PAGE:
Section One - Vitamins

The student is asked to discover the different food sources for each of the different types of each vitamin listed here. Then discover what each different type of each vitamin does for the human body. If you work with animals, discover what each vitamin does for animal groups of your interest.

For example, here's a synopsis of Vitamin A:

Vitamin A has five types: 1) retinyl palmitate which is converted into Retinol in the small intestine, 2) Alpha carotene, 3) Beta carotene, 4) Gamma carotene and 5) Beta cryptoxanthin. These last four function as Vitamin A in the body of omnivores -- including humans -- and herbivores. They do not function in the body of carnivores.

Vitamin A deficiency causes skin and vision problems. Vitamin A keeps the skin and eyes healthy. It relieves dry eye disorder, improves color and night vision.

Vitamin A also keeps the mucous membranes healthy, inhibits viral and bacterial infections and improves respiratory problems. Vitamin A fights cancer by inhibiting the production of DNA in cancerous cells. It also supports normal bone and cell growth. It is an active antioxidant that supports the immune system.

Vitamin A toxicity can occur at high doses exceeding 25 mg per 100 pounds of the person's weight for six months or longer. This can cause blurred vision, headache, mental confusion and may encourage infections including HIV and cancer.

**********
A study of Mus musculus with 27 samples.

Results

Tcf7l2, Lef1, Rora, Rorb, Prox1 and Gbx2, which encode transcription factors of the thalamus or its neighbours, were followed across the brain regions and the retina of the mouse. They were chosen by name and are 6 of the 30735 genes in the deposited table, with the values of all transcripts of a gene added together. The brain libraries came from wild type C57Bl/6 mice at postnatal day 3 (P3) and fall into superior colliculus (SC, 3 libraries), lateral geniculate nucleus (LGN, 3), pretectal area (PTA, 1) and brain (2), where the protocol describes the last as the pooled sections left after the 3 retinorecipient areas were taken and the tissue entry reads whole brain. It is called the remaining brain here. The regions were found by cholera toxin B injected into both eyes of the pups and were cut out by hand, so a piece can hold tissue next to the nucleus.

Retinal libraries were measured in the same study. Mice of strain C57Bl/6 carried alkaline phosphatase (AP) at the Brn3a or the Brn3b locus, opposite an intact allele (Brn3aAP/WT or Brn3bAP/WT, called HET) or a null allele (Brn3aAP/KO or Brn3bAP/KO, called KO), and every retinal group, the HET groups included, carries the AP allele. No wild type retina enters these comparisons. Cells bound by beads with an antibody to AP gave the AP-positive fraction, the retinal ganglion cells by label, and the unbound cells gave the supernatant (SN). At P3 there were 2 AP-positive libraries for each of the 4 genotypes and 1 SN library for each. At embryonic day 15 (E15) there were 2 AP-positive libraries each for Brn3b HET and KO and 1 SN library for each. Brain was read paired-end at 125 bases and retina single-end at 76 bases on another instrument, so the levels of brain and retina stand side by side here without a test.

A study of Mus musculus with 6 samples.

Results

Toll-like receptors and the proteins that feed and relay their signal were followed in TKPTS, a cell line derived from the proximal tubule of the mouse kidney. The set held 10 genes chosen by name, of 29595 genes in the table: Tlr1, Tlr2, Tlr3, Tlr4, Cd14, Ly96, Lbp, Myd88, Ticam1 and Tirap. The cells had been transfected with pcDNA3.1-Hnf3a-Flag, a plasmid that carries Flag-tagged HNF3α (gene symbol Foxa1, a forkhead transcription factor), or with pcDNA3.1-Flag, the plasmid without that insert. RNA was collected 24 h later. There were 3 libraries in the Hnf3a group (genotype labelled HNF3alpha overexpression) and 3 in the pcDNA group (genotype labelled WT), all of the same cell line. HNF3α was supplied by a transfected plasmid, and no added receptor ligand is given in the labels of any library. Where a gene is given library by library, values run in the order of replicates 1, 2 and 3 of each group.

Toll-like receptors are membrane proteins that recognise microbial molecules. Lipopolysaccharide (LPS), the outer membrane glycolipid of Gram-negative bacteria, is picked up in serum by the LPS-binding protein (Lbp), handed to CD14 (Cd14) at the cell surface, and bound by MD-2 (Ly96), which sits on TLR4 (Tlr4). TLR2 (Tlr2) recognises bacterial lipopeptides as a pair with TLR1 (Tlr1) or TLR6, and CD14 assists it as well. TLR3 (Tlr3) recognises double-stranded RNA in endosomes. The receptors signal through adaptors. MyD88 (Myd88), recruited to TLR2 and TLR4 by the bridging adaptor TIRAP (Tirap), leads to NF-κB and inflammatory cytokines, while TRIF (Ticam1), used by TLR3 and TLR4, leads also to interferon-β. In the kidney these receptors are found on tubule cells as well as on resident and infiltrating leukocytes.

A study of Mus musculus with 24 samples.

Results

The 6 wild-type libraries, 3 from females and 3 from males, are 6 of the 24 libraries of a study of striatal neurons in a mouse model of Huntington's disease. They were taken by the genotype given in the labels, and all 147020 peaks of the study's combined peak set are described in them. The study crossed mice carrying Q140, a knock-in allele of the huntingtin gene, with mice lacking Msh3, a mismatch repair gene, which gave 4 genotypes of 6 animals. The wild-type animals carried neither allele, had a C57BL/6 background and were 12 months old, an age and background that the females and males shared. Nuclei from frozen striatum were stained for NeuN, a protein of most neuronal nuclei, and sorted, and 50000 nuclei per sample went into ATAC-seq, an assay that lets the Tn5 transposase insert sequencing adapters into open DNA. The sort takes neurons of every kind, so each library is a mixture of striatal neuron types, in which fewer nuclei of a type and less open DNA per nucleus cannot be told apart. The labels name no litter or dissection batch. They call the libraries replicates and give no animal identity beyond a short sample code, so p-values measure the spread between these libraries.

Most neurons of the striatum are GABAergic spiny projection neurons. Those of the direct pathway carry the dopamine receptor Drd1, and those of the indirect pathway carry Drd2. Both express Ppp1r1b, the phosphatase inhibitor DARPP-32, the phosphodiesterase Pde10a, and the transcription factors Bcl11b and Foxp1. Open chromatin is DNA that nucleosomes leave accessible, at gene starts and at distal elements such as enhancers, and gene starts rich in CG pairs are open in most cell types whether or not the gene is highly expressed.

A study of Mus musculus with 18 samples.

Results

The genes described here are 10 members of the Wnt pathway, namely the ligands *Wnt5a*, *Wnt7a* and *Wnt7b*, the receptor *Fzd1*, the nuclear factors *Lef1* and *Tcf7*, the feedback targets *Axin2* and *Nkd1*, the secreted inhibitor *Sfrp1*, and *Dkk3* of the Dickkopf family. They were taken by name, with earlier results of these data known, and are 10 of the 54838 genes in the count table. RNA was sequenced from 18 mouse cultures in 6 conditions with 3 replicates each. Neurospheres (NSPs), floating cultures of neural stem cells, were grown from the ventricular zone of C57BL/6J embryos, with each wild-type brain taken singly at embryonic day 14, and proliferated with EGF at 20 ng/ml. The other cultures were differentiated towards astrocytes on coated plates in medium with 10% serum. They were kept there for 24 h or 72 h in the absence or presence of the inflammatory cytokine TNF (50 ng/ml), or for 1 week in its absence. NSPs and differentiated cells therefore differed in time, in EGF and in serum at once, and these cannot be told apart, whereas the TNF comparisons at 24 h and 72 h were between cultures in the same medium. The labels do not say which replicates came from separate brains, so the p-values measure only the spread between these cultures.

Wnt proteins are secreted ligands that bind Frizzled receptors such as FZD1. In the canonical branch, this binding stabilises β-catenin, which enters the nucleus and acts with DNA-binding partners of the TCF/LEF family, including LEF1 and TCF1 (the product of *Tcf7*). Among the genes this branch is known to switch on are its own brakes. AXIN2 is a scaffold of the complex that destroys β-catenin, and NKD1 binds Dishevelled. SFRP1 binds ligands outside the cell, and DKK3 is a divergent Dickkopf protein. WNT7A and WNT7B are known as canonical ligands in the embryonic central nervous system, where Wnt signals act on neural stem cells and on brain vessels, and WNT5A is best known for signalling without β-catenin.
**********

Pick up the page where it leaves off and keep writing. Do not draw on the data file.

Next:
Vitamin A is bioavailable in animal liver, liver oils and eggs; milk, butter and cheese; apricots, papaya and mango; broccoli leaf, broccoli, cantaloupes, carrots, collard greens, kale, peas, pumpkin, purple pepper, red pepper, spinach and sweet potato.

There are some general principals about all vitamins that you need to know about. You don't need to write about each of them each time as long as you understand the general principles.

First of all, vitamins from organically grown livestock and plants are far superior to all other vitamins. Growth hormones, antibiotics, genetically modified foods and bio-engineered food supplements -- like high fructose corn syrup and synthetic vitamins -- generally have side effects that exasperate the conditions that the "real" vitamins protect us from. For example:

Vitamin A from animals raised on growth hormones and antibiotics diminish skin and eye health, dry out mucous membranes, expedite AIDS from HIV infections and encourage the growth of cancer. Vitamin A from genetically modified plants and synthetic vitamins have the same side effects.

Secondly, vitamins from raw fruits and vegetables are superior to vitamins from cooked foods. Cooking at high temperatures destroys the vitamins and enzymes in the food. Cooking at low temperatures -- such as steaming and cooking at low temperatures for short periods of time.

List of Vitamins to Study

  1. Vitamin A - fat soluble
  2. Vitamin B - water soluble
  3. Vitamin C - water soluble
  4. Vitamin D - fat soluble
  5. Vitamin E - fat soluble
  6. Vitamin H = Biotin - has been reclassified as a B Vitamin
  7. Vitamin K - fat soluble
  8. Bioflavonoids - water soluable

Biotin is a water soluble vitamin that has recently been reclassified as a B vitamin. If you prefer to keep it titled as Vitamin H that's up to you.

Bioflavinoids are not officially recognized as vitamins. Some label them as Vitamin P. Others label them as a B Vitamin because they are water soluable. You may label them according to your own desires.